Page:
Mon, 09/30/2013 - 10:26am
Chris Warner, Executive Editor

On September 23, California Governor Jerry Brown signed a law requiring all web sites to have an “eraser” button for users under 18 to delete their posts (SB 658). I couldn’t agree more that teens (and adults) posting damaging information about themselves and others is a chronic problem. But this legislation reveals as much about politicians’ tendencies as teens can reveal about themselves online. Like a misguided status update, the California legislature didn’t think this one through.

And why would it? This law covers two areas that politicians can count on for positive press and immunity from criticism – children and safety. Why else would they rush to pass legislation that underestimates the technology they are attempting to regulate?

To begin, once a post is out there, it’s being passed around a network, quoted and re-quoted. Screen captures can be taken and stored on any PC. And anyone with an understanding of Facebook will tell you that a mere morsel of data is amazingly sticky in Mark’s hands. Or more specifically, his servers. Data will continue to reside on a web site’s servers, many of which won’t even be located in California. Finally, even if California somehow blocks minors’ access to non-compliant sites, teens have always found workarounds to set up accounts on social networking sites that have had age restrictions systems. I’m sure they would continue to have workarounds to non-compliant sites if they have sympathetic, enabling parents or share computers. Enforcement appears quite untenable.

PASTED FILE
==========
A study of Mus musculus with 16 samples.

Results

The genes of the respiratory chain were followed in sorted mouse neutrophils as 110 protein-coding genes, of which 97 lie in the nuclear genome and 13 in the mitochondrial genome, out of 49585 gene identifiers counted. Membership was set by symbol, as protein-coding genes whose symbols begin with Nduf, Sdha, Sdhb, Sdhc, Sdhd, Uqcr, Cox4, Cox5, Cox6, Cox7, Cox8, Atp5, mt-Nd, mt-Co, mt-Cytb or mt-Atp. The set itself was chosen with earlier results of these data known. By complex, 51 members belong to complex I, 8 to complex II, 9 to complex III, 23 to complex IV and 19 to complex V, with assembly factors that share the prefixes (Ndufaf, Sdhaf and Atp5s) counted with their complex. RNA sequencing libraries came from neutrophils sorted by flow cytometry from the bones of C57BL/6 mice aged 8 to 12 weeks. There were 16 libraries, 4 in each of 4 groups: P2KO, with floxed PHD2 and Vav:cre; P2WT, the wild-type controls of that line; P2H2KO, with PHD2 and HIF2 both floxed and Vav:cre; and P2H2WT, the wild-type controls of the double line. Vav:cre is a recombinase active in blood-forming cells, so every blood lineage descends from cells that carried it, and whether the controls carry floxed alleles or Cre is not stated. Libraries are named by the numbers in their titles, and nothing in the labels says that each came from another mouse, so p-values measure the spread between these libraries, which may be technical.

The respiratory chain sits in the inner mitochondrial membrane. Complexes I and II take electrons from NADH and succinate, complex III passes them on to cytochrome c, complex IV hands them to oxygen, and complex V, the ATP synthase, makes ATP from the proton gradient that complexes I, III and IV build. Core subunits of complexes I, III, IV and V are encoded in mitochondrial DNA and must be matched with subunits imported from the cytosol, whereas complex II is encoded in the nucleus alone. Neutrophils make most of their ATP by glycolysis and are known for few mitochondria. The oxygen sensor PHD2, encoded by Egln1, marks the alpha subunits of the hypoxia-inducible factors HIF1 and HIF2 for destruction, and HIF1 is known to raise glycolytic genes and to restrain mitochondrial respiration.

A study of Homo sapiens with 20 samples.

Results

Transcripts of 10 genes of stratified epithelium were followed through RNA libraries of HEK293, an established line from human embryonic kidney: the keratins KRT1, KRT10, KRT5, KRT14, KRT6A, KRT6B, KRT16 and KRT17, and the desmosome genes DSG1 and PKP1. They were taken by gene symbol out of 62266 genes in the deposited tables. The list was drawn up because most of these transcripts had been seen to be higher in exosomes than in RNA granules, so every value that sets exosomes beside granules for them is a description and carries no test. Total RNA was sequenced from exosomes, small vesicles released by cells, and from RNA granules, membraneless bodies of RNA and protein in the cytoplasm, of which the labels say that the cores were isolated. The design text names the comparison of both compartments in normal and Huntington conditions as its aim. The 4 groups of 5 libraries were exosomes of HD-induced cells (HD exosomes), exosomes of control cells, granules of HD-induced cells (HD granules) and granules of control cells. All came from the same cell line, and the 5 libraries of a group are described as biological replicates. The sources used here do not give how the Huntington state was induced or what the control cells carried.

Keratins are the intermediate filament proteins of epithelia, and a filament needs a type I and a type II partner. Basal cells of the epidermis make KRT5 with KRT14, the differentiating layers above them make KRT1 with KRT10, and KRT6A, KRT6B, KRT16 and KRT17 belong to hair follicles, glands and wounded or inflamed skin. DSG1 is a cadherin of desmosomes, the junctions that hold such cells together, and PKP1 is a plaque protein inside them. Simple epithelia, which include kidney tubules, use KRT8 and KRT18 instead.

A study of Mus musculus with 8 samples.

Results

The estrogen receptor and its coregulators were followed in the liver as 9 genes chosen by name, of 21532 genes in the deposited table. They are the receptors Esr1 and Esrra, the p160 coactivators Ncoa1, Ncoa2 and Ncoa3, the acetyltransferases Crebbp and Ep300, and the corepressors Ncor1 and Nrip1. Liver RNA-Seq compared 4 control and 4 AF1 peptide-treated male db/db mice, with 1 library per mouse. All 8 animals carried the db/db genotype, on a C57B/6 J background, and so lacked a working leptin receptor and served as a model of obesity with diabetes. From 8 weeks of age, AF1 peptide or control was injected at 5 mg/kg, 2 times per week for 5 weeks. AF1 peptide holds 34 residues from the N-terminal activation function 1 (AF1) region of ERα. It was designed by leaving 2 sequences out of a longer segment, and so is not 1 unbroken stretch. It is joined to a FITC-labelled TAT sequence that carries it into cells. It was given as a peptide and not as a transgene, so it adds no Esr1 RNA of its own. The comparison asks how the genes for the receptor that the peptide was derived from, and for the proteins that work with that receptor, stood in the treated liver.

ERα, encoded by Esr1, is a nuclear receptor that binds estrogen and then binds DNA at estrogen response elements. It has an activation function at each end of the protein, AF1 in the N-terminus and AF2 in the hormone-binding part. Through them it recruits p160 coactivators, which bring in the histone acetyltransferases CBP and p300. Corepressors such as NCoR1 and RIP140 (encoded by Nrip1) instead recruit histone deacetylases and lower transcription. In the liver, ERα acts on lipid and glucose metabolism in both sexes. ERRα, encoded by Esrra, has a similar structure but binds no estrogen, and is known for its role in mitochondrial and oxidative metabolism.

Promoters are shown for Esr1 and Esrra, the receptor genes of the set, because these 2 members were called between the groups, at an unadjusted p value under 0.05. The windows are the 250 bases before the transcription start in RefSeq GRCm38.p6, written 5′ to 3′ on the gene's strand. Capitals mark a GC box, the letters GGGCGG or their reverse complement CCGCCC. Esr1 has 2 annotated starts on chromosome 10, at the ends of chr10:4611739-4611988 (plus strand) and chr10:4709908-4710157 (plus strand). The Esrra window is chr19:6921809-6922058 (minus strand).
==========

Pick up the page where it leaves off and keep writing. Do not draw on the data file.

I hope lawmakers and citizens don’t view this law as a panacea to hazardous online activity by minors. Whenever a seemingly unenforceable bill is passed into law, it’s natural to ask why. If California lawmakers rushed into this law for the cynical reasons I mentioned earlier, they deserve whatever criticism they receive for both the law’s unenforceability and its imposition on site owners in other states. But if the lawmakers intended to get the nation talking and working to bring about better online safeguards for minors than what they’re mandating and to get bloggers like me to talk about it, they’re off to a good start. They may even deserve a “like.”